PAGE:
Happy New Year! It is time for new beginnings and fresh starts. It is time to set goals and look forward to new growth and new development. The old saying, “If you don’t know where you’re going, you’ll never know when you’re there,” (or something like that) is so true. All of this is a just another way of saying resolutions. The difference is we seem to be more accepting of not meeting our resolutions, while goals, especially when tied to merit pay or other rewards, are taken much more seriously.
I propose that this year, the new decade, you make some resolutions around service management that you will work to keep. I encourage you to make some service management resolutions for you, your team, and your organization. Goals are typically tied directly to organizational goals or departmental goals. These are important and should obviously continue. I suggest in addition and in alignment with that, you make sure one or some of your resolutions are service management oriented. How else will you grow service management in your space?
This year, make some resolutions around service management that you will keep.
So where do you start? Start where you are. Set aside some real time on your calendar. Spend some time being honest with yourself about where you and your team are. Reflect on the past year. Reflect on the past few years.
The logical starting place in service management is continual improvement as defined by ITIL®. In fact, at the core of any new resolution in service management is continual improvement. The ITIL 4 framework is made up of the ITIL Service Value System (SVS) and the four dimensions: organizations and people, information and technology, partners and suppliers, value streams and processes. The core components of the ITIL SVS are the ITIL service value chain, the ITIL practices, the ITIL guiding principles, governance, and continual improvement. Continual improvement is simply ongoing assessment and improvement in the management of products and services. ITIL 4 introduces the ITIL Continual Improvement Model. It asks seven questions to consider when looking to improve:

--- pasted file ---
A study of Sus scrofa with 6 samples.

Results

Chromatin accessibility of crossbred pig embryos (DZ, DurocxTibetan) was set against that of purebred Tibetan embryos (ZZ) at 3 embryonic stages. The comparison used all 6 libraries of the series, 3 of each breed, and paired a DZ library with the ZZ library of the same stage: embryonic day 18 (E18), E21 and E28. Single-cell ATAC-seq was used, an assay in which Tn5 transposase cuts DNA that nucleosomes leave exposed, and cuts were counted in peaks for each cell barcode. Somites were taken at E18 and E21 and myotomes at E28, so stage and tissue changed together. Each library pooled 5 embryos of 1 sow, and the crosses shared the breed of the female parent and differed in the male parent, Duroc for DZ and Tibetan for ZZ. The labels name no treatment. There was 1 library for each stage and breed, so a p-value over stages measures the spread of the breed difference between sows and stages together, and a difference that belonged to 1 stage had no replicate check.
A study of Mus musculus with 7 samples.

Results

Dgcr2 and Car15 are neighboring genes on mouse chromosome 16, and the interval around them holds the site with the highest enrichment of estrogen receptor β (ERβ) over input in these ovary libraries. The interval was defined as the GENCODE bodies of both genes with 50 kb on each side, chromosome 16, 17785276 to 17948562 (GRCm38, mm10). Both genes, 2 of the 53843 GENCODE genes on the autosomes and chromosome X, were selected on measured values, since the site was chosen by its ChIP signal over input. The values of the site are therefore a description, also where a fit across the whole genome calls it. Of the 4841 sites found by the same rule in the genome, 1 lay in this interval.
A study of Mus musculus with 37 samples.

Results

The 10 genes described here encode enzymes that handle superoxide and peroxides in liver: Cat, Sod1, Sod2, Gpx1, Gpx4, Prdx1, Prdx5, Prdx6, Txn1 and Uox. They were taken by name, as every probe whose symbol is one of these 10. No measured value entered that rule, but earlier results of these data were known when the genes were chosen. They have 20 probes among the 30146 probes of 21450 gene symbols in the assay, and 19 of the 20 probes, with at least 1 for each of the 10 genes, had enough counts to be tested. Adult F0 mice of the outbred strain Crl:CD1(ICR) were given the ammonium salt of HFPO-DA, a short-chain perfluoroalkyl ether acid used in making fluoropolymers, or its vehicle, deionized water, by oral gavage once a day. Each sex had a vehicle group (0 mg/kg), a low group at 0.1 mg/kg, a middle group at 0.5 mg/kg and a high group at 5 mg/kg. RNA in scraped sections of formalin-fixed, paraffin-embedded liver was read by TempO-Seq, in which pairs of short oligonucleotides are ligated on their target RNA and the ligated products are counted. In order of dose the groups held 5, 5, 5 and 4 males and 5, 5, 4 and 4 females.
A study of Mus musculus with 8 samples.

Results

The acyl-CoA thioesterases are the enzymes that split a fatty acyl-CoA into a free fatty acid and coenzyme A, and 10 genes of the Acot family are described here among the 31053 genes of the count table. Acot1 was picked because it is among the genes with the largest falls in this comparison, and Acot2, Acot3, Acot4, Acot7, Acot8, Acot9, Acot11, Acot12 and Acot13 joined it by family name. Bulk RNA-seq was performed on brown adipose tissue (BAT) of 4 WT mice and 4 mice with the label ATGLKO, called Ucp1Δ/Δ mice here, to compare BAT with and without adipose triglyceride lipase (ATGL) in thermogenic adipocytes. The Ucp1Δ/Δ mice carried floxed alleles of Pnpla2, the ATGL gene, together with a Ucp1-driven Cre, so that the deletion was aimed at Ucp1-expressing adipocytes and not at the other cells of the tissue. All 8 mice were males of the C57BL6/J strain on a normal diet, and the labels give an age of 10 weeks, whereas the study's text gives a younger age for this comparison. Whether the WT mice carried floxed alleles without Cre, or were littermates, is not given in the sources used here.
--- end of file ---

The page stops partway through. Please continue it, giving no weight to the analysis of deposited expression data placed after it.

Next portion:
- What is the vision?
- Where are we now?
- Where do we want to be?
- How do we get there?
- Take action
- Did we get there?
- How do we keep momentum going?
This list should help illuminate what needs attention and where you can make resolutions.
When you have ideas of where to improve, it is always a good idea to use George Doran’s SMART goals guidelines. Your resolutions should be specific, measurable, attainable, relevant, and time bound. Each letter of the acronym is significant and relevant. Leaving any of the letters out will likely make your resolutions vague or irrelevant.
From there, it is important that you write your resolutions down. I began writing my goals and resolutions down in high school. My marketing teacher, Mrs. Wilson, had a former student come in to speak to us one day. The former student had written his goals, in ink, on a piece of notebook paper that he kept in his wallet. He took it out in class that day so we could see the wrinkled and torn piece of paper. He told a story of writing on that paper his goal to meet President Ronald Reagan and then explained how he in fact did that at a speech President Reagan gave. He had a plan and he actually talked his way through security to get backstage and meet him when he was still a teenager.
Thirty years later, I still remember this story and write my own goals (resolutions) down. This drives me to commit and move toward achieving everything I have aimed to do. Therefore, in addition to making resolutions you intend to keep, I encourage you to write them down.
Finally, keep your resolutions where you will see them daily and be reminded to work towards them. I keep mine in my time management tool and look at them every day. They could be on a white board in your office or a part of your desktop background. Keep them front and center so they will be in your mind always. When planning your time and prioritizing projects, consider what activities and projects will help you accomplish your goals and resolutions.
My hope is that using these tools will help you set great service management resolutions for the New Year. May your new year be happy and full of success.
Vicki Rogers has more than 20 years of IT experience and is currently the Senior Manager of Change at Georgia Tech Previously, she was a senior IT manager at Amtrak and the service desk manager at the University of West Georgia. She has expertise in service management, change management, leadership development, and diversity in IT. She has been involved in service desk creation, implementation, and adoption of ITSM best practices, as well as insourcing IT. Vicki has a BBA in Business Management, an MBA, and an EdS in Learning, Leadership, and Organizational Development. Her graduate research involved cultivating and developing women leaders in higher education IT divisions. Vicki is a regular national speaker on leadership, service management, diversity,and change. Outside of work and school, Vicki is the mom of two brilliant and successful college girls and one very spoiled schnauzer. Follow Vicki on Twitter @vickirogers.